This paper examines economic developments and policies in Canada during 1990–95. Spurred by the robust growth in the United States and the easing of monetary conditions between 1991 and 1993, economic growth in Canada continued to strengthen during 1994. Real GDP grew by 4.5 percent in 1994 after growing by 2.2 percent in 1993 and 0.6 percent in 1992. Economic growth in 1994 was led by exports and investment in machinery and equipment. However, growth was more broadly based in 1994; private consumption strengthened, and there was a rebound in residential and nonresidential construction.

International Monetary Fund. Communications Department
Finance and Development
International Monetary Fund. Communications Department
This paper focuses on overcoming fears of technology and globalization means rethinking the rights and obligations of citizenship. While the causes of our discontent vary, they all point to the need to revitalize politics, economics, and social contract to provide citizens with a greater sense of security and confidence in the face of impending changes. The backlash highlights the need for a new social contract, one that adapts to changed economic realities and better manages the social implications of globalization. The social contract includes the payment of taxes in exchange for public goods, and the way that society looks after the old, the young, the infirm, and those who have fallen on hard times. Countries with greater social mobility grow faster because they more effectively match people to the right jobs. Another way to address inequality would be to put a floor under incomes, which would help ensure that even low-wage earners can enjoy a reasonable standard of living.
International Monetary Fund. Communications Department
Finance and Development
International Monetary Fund. Communications Department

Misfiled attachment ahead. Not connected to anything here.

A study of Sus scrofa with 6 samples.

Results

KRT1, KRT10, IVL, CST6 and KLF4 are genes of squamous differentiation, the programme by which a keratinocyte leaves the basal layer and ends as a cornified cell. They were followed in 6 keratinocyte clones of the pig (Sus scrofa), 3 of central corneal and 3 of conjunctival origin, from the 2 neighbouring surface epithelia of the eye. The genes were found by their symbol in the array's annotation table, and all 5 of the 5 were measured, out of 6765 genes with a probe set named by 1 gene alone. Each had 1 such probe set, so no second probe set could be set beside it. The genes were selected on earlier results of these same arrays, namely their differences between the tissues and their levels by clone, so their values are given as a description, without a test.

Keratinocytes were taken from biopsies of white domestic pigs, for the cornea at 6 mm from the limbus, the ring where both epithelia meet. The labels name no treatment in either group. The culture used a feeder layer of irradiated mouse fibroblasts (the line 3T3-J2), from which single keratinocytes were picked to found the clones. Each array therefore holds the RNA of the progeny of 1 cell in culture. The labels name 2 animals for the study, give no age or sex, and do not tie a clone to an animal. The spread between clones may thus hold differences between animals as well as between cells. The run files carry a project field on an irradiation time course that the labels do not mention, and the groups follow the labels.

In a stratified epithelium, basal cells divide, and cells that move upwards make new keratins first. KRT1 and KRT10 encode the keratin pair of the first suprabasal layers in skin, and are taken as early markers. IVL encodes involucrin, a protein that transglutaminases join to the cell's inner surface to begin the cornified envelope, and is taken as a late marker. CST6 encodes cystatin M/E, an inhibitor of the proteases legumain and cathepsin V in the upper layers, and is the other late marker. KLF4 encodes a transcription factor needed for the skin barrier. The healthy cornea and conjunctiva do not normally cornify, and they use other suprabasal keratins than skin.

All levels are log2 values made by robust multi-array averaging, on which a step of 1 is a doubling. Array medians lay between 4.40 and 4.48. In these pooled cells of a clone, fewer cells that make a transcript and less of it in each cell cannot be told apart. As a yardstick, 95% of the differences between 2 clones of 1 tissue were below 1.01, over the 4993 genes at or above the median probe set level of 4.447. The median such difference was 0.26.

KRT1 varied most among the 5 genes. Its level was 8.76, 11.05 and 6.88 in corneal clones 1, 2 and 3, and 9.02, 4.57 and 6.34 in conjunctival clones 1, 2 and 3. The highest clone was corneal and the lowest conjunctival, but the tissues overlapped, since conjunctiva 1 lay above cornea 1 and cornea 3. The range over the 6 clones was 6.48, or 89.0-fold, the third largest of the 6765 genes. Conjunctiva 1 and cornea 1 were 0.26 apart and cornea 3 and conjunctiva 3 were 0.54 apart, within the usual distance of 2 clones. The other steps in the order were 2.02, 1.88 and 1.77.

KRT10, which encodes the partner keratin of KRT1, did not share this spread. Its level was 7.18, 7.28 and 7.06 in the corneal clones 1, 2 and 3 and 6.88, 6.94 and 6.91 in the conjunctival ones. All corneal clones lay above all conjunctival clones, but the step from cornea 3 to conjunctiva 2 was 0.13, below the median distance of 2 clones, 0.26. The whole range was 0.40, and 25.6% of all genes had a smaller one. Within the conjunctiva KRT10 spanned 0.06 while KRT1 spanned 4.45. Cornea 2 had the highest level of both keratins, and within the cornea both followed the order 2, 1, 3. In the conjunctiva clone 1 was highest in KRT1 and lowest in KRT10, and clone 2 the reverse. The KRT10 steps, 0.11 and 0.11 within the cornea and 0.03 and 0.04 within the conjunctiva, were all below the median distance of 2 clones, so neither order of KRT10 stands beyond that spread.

Finance and Development
International Monetary Fund. Communications Department
Finance and Development
International Monetary Fund. Communications Department
Finance and Development
International Monetary Fund
This paper provides an overview of recent economic developments in Georgia. The country has made significant, but incomplete, progress toward establishing the rule of law. The rapid accumulation of wage and social transfers arrears is one of the factors of the worsening poverty. The banking sector reforms have started to yield positive results, particularly with regard to banking system consolidation. The energy sector exchange, trade and payments systems, tax summary, and statistical data on the economic indices of Georgia are presented in the paper.
Mr. Ehtisham Ahmad, Ms. Mercedes Garcia-Escribano, José Antonio González Anaya, Mr. Ernesto Revilla, Mr. Giorgio Brosio, and Mr. Ben Lockwood
An equalization system ensures that subnational governments can provide similar level of public services at a comparable level of own tax-effort. This paper focuses on the importance of spending needs factors in the design of equalization transfers as well as special purpose transfers-and the role that this could have in setting the agenda for better accountability for recipient governments, illustrating both design and implementation questions with examples from Mexico. The paper also takes into account the difficult political economy constraints to reforming any system of transfers.